L.A.'s Kobe Bryant dunks over Michael Olowokandi of Minnesota. L.A.'s Kobe Bryant dunks over Michael Olowokandi of Minnesota. 
 (Associated PressAssociated Press / The Spokesman-Review)
L.A.'s Kobe Bryant dunks over Michael Olowokandi of Minnesota. L.A.'s Kobe Bryant dunks over Michael Olowokandi of Minnesota. (Associated PressAssociated Press / The Spokesman-Review)
Greg Beacham Associated Press

LOS ANGELES — This was why Karl Malone and Gary Payton signed on: The chance to play for a championship with the two guys who know all about it.

Shaquille O’Neal had 25 points and 11 rebounds, and Kobe Bryant scored 20 points in a 96-90 victory over the Minnesota Timberwolves in Game 6 of the Western Conference finals Monday night.

“This is the reason I came over here,” said Malone, who will play for his first title in his 19th season. “I love being a part of this team. We’ve had a lot of struggles, but that’s part of the reason you play. You’ve got to have a struggle to get to where you want to go.”

Kareem Rush came from obscurity to hit six 3-pointers for the Lakers, who rallied in the fourth quarter for a win befitting their tumultuous season. They overcame Kevin Garnett, their constant bickering with the referees and O’Neal’s horrific 7-for-20 free throw shooting to win the best-of-7 series four games to two.

Their fourth trip to the championship round in five seasons will begin Sunday. Detroit, leading the Eastern Conference finals 3-2, will visit Los Angeles if the Pistons finish off the Indiana Pacers on tonight.

“It’s tough to do,” Bryant said. “Four trips to the finals — it’s remarkable. We’re very fortunate.”

The Lakers improved to 9-0 at Staples Center in the postseason, but Garnett and the Timberwolves spent most of the game on the verge of an improbable upset.

Unbowed by the Lakers’ nine championship banners and intimidating crowd, the Timberwolves played tight defense and made enough free throws to take a lead into the fourth quarter. But Bryant and Rush led a 15-6 run early in the quarter, and Slava Medvedenko added two critical baskets in the final minutes.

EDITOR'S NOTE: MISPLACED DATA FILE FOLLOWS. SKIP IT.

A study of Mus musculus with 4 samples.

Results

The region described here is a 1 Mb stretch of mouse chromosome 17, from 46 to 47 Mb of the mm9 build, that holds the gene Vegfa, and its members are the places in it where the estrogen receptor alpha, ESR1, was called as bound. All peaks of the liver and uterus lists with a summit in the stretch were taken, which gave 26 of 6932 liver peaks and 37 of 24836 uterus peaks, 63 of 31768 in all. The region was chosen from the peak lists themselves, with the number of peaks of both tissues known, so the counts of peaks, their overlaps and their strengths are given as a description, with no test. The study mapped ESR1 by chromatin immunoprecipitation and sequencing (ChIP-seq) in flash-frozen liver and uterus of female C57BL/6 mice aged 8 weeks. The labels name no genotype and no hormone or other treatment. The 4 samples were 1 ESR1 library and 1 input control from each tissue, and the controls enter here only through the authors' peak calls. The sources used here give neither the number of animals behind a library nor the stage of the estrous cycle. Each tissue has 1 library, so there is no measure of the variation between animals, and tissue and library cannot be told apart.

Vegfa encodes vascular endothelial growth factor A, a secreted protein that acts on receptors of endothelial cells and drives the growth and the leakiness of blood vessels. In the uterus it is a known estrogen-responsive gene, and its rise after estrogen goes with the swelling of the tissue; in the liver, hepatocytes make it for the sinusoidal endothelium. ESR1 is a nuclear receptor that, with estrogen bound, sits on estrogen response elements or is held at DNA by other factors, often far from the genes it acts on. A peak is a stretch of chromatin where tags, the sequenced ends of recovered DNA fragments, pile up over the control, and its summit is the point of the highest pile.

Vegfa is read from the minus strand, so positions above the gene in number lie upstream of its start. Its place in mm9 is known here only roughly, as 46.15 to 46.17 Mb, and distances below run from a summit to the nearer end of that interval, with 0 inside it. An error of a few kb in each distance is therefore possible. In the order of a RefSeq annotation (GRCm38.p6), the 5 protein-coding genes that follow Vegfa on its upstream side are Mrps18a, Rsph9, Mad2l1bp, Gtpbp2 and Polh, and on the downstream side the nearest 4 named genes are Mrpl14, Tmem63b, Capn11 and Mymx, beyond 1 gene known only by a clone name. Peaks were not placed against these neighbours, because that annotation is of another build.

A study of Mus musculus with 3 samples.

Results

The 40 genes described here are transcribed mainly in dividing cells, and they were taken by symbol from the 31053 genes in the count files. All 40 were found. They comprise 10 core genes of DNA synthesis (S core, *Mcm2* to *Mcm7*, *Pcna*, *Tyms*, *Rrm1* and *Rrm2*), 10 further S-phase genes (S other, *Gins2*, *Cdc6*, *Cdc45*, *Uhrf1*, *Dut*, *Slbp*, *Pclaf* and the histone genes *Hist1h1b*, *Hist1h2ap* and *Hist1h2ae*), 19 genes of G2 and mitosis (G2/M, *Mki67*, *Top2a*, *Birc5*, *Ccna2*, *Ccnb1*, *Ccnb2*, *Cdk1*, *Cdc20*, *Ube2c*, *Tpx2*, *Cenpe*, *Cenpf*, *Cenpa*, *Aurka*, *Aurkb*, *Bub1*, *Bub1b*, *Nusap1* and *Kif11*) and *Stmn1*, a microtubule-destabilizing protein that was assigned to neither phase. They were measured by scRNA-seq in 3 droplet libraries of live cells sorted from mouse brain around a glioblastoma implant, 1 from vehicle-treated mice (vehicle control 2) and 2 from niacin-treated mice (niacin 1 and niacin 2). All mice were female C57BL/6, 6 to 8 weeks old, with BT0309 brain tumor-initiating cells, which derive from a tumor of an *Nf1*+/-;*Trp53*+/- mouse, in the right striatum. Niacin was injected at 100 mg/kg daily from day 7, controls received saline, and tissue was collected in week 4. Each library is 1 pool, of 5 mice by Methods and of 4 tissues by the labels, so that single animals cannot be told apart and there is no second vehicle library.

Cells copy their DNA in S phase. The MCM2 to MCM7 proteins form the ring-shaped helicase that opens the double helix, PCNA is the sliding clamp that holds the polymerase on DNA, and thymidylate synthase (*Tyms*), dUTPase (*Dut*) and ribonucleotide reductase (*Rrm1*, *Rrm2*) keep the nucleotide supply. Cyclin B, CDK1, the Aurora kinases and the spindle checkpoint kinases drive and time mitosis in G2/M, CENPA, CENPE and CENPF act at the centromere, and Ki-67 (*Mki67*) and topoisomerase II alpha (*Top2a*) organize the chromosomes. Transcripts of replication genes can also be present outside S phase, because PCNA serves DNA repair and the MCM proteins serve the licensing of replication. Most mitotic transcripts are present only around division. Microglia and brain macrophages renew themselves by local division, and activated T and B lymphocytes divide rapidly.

Malone and Payton, who joined the Lakers last summer as free agents for significantly less than their market value, joined their teammates in a group hug near the bench before accepting the conference championship trophy.

Garnett — who had eight turnovers and fouled out in the final minute — had 22 points and 17 rebounds for the Timberwolves. Latrell Sprewell scored 27 points as Minnesota nearly extended the best season in franchise history to a Game 7 in Minneapolis.

Instead, the Wolves’ first trip to the conference finals ended when it couldn’t score enough to overcome the absence of injured All-Star Sam Cassell. The Lakers stole Game 1 in Minnesota and hung on for three home victories despite an impressive series from Garnett, who averaged 23.7 points and 13.5 rebounds.

“I got a taste of the Western Conference finals,” Garnett said, “but it’s like Spree (Latrell Sprewell) said in the locker room. It doesn’t mean anything if you don’t win it all… . We’ve just got to use this as experience and add a couple of pieces and go from there.”

Bryant, O’Neal and Garnett all got in first-half foul trouble in a tightly officiated game. O’Neal sat on the bench for 41/2 minutes in the fourth quarter after picking up his fifth foul, and Malone also got five fouls trying to stay with Garnett.

But Rush, the second-year swingman who had 11 points in the entire series, made shot after shot from the perimeter. His 3-pointer with 3:22 to play gave Los Angeles a 10-point lead and sent the crowd into pandemonium.

“He’s one of the best shooters on the team,” O’Neal said as his young teammate beamed nearby. “I’m the guy that’s always on him, and he responded. I didn’t have to get on him too much (tonight).”

Though only five players remain from the Lakers’ 2000 championship team, the current club has many similarities to the three-time titlists. The Lakers are almost invincible when any of their role players hits outside shots — and Rush splendidly filled the role previously played by Glen Rice, Robert Horry and Rick Fox.

But this series was in doubt until the final minutes of Game 6. After Minnesota won Game 5 to snap the Lakers’ streak of 12 straight victories in potential closeout games, Los Angeles looked awfully shaky for most of this homecoming.

As usual, they expended plenty of energy arguing: Payton and Malone got technical fouls, and Bryant got one in his fourth straight game.

The Lakers jumped to a 13-point lead in the first quarter with Garnett out, but Minnesota rallied largely by going 21 for 22 from the line.

The Lakers hurt themselves with foolish defensive ploys and O’Neal’s poor free throw shooting — and coach Phil Jackson inexplicably left O’Neal in the game with three fouls late in the first half. Shaq picked up his fourth with 1:01 to play.